SUNFLOWERS ARE CHILD’S PLAY. Fast-growing and unfussy, these easy-to-grow annuals are a solar-driven wonder machine. With stratospheric growth in warm soil and a sunny disposition, sunflowers encourage us to pause our plotting and planning and marvel at the generosity of a little seed.

Whether you decide to plant a hedge of giant sunflowers in the alley to delight the neighbors (and the birds), cultivate branching forms for continuous late-summer bouquets or pop a few seeds of a dwarf variety into a container on the patio, growing sunflowers is like growing smiles.


Cut-flower farmers plant successive crops of sunflowers well into July to keep the harvest going long into fall. Which means: There’s still time to sow this growing season. Choose from a variety of flower colors, growing habits and wildlife benefits.

Branching sunflowers produce multiple smaller blooms on plants that grow both tall and wide.

‘Lemon Queen’ is an heirloom variety with branching stems of 4-to-6-inch soft yellow blooms with chocolate brown centers. Plants grow quickly to 5 to 7 feet tall. Filled with nourishing pollen and nectar, this variety is often planted by researchers when tracking honeybee populations.


‘Autumn Beauty’ produces a mix of solid and bicolor blooms in sunset hues of gold, orange and rusty red on 5-to-7-foot-tall plants — a beautiful complement to fall foliage. Quick to bloom, in just 60 days.

‘Chocolate’ is a branching sunflower that produces dramatic long-stemmed Hershey-brown blooms on plants that grow 4 to 5 feet tall. Blooms 65 to 75 days from sowing.

Single-stem sunflowers range from towering giants to tidy, pollen-free blooms bred for the cut-flower industry.

‘Mammoth Grey Stripe’ sunflowers can grow 8 to 12 feet tall and produce flower heads that are 10 inches in diameter. Ripe seed is perfect for snacking, although you might have to compete with birds and squirrels to harvest it. With a long 100-to-110-day growing season, this might be a risky choice if we have an early frost.

A number of hybrid “snacking” varieties have been bred for classic good looks and seed production on shorter plants that produce an edible crop in just 60 to 70 days. In addition to the tasty seeds, sunflower petals are edible as well, with a flavor that’s described as bittersweet or “a little nutty.” Obviously, harvest seeds and petals only from chemical-free plants.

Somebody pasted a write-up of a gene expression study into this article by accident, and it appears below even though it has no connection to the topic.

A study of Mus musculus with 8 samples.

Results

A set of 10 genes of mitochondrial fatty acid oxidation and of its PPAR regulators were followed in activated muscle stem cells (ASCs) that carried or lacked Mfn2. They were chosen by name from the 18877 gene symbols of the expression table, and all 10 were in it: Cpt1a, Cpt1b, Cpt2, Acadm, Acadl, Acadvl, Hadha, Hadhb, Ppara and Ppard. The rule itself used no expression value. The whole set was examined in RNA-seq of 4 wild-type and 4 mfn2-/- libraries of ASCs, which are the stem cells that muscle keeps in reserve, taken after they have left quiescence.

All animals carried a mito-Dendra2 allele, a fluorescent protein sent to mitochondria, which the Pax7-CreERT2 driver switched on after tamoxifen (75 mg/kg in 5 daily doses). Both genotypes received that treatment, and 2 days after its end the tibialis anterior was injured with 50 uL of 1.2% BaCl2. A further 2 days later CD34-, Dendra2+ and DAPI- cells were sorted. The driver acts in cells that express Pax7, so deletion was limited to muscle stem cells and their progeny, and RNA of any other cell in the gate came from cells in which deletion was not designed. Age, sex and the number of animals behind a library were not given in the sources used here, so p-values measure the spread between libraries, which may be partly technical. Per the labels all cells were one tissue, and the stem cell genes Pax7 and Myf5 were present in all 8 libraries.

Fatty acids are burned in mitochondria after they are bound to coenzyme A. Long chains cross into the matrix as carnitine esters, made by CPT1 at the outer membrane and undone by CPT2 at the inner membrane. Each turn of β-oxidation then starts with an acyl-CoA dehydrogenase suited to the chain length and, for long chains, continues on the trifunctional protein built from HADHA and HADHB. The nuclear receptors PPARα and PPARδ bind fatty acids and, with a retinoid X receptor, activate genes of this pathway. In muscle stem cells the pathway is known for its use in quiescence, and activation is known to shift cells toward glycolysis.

ProCut sunflowers come in a variety of solid and bicolor shades. The 6-to-7-foot-tall single-stem plants flower in 50 to 65 days, have a uniform growth habit and produce pollenless blooms for a longer, tidier vase life. Colors include peach, plum, orange, gold and pale yellow.


Dwarf sunflowers are suitable for container growing, or if you’d prefer a more manageable size in your beds and borders. Note: Dwarf varieties will be taller when grown in the garden or in larger containers.

‘Sunspot’ is a dwarf form that thinks it’s not. Eighteen-to-24-inch-tall plants produce large flower heads on sturdy single stems. Grow them in containers, or plant in front of taller sunflowers in the garden for layers of blooms.

‘Teddy Bear’ grows to 2 to 4 feet tall, producing loads of fuzzy golden flowers that are 5 to 6 inches across. Flowering begins about 75 days from sowing.

Sow sunflowers where they will receive at least six to eight hours of direct sun. Poke each seed about 1 inch deep into well-amended soil; sunflowers are heavy feeders. Keep moist, and expect seedlings to appear in a week or so. Pro tip: Circle the young plants with an organic slug bait, and protect them from birds.